How can we define the green value of a building ?

Green value has emerged as a promising notion in the beginning of the 2000’s. The primary definition consists of a premium observed on the selling price of a sustainable asset compared to other assets located in the same area. However other parameters can influence this green value as well.


Tenant occupancy can be considered a prerequisite of its value

Through the lifetime of a building, vacancy may occur from time to time. However, tenant occupancy really is a keystone of a building’s value. To put it more clearly: a building only has value if it is used!

This is the reason why occupancy features are integrated as key parameters of the value. For instance, headline rents signed between tenant and owner is a good indicator, as well as the rental liquidity of the asset or the amounts of free rent or turnkey solutions that can be agreed between the parties.

According to a study conducted by JLL in the UK during spring 2021, rental values have been observed to be around 8% higher on assets certified at BREEAM very good level minimum compared to non-certified assets. Moreover, vacancy rate on these assets seen by the market as sustainable – that is certified as outstanding or excellent – amounted to 7% to be compared to an average vacancy rate of c. 20% on non-certified assets or certified assets reaching a lower level on the same location.

Therefore, when the market takes into account certain levels of certifications to evaluate the high standards on buildings, occupancy improves. Data also show that the financial quality and solvability of the tenants attracted to these “green” buildings also improve.


Green premium or brown down discount: evolution of market standards

The upcoming environmental requirements set up new market standards, and define the new features of the buildings that are seen as « green ». In this context, one can wonder whether the green value will take the form of a green premium for very sustainable assets or merely consist of hedging a value whilst the other assets will face brown discounts on price.

In France, it is still too early to decide what is more likely to happen. First, the investment volume has not yet got back to its pre-COVID levels. Moreover, 2022 last quarter’s investment level has sharply decreased compared to 2021: investors as well as financers are clearly waiting to see how the economic situation (with inflationary trend and energy contraction in volume and rise in cost) will evolve. According to the figures reported by CBRE on investment figures for the Q4, investment volume has plummeted by 52% compared to 2021 – already a difficult year!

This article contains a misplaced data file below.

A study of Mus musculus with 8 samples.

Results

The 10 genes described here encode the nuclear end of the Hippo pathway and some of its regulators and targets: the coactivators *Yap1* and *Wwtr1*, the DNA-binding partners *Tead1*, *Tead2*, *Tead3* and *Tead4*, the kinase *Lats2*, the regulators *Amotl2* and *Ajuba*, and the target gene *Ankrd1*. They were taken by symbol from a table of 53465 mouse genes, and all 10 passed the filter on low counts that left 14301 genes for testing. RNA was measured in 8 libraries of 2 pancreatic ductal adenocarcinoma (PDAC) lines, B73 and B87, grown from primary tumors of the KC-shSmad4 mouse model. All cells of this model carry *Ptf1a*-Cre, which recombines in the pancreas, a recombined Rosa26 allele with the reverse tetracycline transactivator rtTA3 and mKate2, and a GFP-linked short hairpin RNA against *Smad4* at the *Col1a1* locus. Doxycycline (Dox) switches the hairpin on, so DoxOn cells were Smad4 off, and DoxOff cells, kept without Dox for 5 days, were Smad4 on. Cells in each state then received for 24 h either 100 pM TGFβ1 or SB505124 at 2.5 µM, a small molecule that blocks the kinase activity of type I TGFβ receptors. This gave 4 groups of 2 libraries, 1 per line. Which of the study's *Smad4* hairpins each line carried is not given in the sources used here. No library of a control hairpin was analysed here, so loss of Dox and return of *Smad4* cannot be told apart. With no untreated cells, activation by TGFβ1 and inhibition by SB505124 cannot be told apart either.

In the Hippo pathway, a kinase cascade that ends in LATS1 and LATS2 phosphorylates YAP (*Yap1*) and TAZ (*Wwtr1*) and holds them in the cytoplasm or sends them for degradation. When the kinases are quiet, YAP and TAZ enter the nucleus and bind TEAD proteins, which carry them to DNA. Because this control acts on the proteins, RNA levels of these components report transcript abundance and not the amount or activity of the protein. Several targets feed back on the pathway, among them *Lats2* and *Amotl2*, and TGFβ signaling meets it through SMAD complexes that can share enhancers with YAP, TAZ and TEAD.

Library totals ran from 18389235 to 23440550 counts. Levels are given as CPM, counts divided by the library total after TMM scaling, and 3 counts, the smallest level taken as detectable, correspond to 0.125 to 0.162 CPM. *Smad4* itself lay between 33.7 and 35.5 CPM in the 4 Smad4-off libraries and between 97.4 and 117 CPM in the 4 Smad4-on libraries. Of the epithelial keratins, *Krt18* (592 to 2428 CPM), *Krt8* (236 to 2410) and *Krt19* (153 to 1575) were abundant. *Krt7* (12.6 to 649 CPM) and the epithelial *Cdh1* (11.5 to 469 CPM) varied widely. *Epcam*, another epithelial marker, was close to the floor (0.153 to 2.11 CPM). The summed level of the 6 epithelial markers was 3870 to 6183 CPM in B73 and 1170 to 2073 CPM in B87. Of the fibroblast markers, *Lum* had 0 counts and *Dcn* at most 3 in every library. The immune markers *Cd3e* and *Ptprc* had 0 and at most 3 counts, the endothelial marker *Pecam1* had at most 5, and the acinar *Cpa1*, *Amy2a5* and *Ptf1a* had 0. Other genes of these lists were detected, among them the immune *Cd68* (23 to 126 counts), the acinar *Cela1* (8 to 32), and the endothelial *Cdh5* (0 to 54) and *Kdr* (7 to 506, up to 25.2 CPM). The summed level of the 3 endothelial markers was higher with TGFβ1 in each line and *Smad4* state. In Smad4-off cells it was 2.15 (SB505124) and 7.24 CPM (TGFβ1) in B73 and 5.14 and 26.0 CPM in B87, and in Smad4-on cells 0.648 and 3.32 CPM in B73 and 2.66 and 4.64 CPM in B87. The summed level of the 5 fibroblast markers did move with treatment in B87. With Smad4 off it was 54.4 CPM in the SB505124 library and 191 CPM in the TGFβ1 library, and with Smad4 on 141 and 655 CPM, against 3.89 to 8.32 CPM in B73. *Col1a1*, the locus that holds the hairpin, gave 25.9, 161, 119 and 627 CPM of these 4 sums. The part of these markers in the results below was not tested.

Furthermore, transactions mainly focus on assets with good ESG features that remain attractive for the investors. Experts do agree that in order to be considered prime, sustainable features are a prerequisite for buildings. Indeed, for instance sustainable office buildings – particularly when there are no works to be carried out in the coming years – should benefit from a far better liquidity.


How to deal with the impacts of physical risks on buildings’ value ?

The Four Twenty Seven – a Californian firm that focuses on climate hazard risk estimate – have highlighted the following figures: 19% of selling areas and 16% of office spaces in Europe are exposed to flood or submersion risks. These levels are in line with the IPCC report published in August 2021. In this document, the climate experts warn that the frequency of extreme events and associated climate hazards are expected to rise significantly. Sadly, illustrations of this have been seen when deadly floods have occurred in Germany and Belgium during summer 2021.

Consequently, real estate actors and investors will have to anticipate these risks and improve the risk modeling they use. However a study from the UNEP FI – August 2021 – still tempers the impact that extreme climatic events may have on property values. In their results, the authors show that prices of properties hit by a climate hazard (such as hurricane, fires, floods etc.) are corrected on average for 3 years: after this surprisingly short period of time, prices return to their previous levels!


Green value theoretically depends on several factors. However, it is still difficult to observe it on real markets, partly because vendors of less good assets tend to delay the sale, partly because taking into account the physical risks on buildings at the adequate cost remains a challenge for all actors. On this matter, binding regulations for the long term may be a part of the solution in order to accompany the sector and face the challenge of building stock resilience.